Land acquisition for various development works is a common practice in most parts of the country. Recently, this phenomenon has picked up pace, boosting the national growth. A notable example of the land acquisition exercise is of farm lands for creation of special economic zones and mega highways.
The procedures involved in the acquisition of land and its development are, however, widely criticised by land developers, social activists and the local population, many of whom are adversely affected in numerous ways. Furthermore, the government realises that acquisition of land is a major impediment to the country’s development.
Tribals and farmers in rural areas bear the brunt of land acquisition for developmental projects, which completely disrupts their lives. They get displaced from their own land and without the guarantee of fair compensation and rehabilitation in a certain time period. These so called ‘developmental’ activities, which do not confer any direct benefit to tribals, merely leave them landless and without means for survival. Monetary benefits do not really count when the lifestyle for generations is changed irreparably.
Land alienation of tribals by powerful entities has become a common phenomena. It is most unfortunate that ‘the freedom to live in their own traditional ways’, as guaranteed by the Constitution, is flouted by those who understand the Constitution better. Land acquisition isn’t a problem because farmers and tribals are against development. They are reluctant to part with their land because that is their only source of livelihood and social security. The alternative proposes to take that away with little in return.
Displacement & rehabilitation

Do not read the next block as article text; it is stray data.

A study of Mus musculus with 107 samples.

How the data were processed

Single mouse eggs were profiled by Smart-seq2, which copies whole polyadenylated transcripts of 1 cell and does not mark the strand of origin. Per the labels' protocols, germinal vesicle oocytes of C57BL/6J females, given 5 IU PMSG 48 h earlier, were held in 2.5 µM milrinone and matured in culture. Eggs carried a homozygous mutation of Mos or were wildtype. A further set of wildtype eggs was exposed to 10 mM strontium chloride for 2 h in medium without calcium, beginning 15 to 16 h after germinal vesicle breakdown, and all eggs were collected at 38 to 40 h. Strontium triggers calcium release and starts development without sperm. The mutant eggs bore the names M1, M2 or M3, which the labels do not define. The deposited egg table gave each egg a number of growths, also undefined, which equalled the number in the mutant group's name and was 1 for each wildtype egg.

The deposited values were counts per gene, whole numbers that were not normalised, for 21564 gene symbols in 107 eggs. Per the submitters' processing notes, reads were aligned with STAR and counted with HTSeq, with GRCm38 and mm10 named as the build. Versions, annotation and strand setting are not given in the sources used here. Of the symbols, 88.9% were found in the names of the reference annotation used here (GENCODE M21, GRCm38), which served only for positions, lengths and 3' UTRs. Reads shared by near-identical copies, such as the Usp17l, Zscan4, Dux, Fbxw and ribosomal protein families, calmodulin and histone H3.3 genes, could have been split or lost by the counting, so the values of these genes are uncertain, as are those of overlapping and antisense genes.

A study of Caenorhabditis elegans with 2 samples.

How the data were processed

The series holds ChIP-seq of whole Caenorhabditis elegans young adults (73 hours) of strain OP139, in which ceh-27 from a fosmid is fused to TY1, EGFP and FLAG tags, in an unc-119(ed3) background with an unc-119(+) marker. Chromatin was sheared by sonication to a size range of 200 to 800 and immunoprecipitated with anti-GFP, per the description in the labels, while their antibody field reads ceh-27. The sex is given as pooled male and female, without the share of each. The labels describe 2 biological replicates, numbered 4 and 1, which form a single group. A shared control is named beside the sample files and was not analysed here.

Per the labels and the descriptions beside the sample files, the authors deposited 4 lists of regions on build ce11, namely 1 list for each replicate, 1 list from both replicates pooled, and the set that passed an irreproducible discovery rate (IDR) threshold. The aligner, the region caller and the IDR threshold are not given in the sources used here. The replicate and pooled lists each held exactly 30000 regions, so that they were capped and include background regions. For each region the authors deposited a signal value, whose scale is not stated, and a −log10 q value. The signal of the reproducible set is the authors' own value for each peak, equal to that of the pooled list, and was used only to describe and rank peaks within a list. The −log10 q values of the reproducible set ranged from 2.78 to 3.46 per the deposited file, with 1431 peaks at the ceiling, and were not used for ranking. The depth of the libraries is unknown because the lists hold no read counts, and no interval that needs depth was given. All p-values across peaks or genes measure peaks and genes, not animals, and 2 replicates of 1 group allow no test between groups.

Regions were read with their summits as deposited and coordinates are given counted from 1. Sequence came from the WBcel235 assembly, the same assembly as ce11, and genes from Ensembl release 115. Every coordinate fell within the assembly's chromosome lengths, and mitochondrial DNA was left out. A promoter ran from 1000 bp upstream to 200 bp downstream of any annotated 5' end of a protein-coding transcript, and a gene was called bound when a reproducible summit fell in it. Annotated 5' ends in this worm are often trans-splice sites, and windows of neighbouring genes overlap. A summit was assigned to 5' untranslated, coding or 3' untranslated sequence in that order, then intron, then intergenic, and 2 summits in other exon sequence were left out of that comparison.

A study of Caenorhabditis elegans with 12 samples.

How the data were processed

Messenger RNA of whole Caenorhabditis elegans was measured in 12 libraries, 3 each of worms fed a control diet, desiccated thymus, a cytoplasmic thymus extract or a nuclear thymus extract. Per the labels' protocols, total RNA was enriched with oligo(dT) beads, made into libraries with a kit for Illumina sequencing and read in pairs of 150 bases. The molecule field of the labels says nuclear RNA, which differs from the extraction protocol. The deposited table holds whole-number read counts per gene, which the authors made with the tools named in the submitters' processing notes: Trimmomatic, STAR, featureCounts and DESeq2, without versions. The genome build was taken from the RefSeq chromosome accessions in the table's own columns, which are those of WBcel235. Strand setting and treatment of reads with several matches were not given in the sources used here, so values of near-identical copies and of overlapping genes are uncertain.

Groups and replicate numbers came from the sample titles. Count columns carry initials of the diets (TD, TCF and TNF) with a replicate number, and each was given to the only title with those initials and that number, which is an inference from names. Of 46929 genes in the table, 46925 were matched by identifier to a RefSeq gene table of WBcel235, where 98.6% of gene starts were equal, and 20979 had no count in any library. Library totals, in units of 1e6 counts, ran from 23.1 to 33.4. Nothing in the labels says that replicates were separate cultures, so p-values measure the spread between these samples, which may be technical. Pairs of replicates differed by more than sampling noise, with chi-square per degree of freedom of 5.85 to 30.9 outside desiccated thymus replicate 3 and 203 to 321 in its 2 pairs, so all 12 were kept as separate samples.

Development-induced displacement has been historically associated with the construction of dams for hydroelectric power and irrigation, but also appears due to many other activities, such as mining and the creation of military installations, airports, industrial plants, weapon testing grounds, railways, road developments, urbanisation, conservation projects, etc. According to many specialists (e.g. Bogumil Terminski, 2012), at least 15 million people each year are forced to leave their homes following big development projects (dams, irrigation projects, highways, urbanisation, mining, conservation of nature, etc.).
According to some reports in media, people whose land has been acquired for the Mumbai-Nagpur Expressway project opined that the government should go by the book and use the Land Acquisition Law, 2013. The government should promise them jobs, hold public hearings for the project and listen to their objections. The government has promised them compensation as per the 2013 law, but acquisition was being done under the 1955 law. How does one believe such a government?
In Maharashtra, the Prosperity Corridor project will acquire nearly 50,000 acres across 10 districts for the proposed highway and the 24 smart cities or agro-prosperity hubs planned along the alignment. Nearly 84 per cent of this land is agricultural. The project is being showcased as a game changer by Chief Minister Devendra Fadnavis; a highway that can link the backward areas of Vidarbha and Marathwada to developed regions and markets of Thane and Mumbai. But, farmers who will lose land have opposed the project, questioning the nature of acquisition, the credibility of the government and the planning of the project.
The latest Agriculture Census of India (2010-11) reported that more than 80 per cent of farmers have an average land holding size of less than one acre. Combined with weather and market risks, a majority of these small and marginal farmers are left in a perpetual state of distress. Government projects that can generate employment, provide compensation and rehabilitation through employment opportunities (the Amendment Bill assures one job per family) will ameliorate the situation of small and marginal farmers.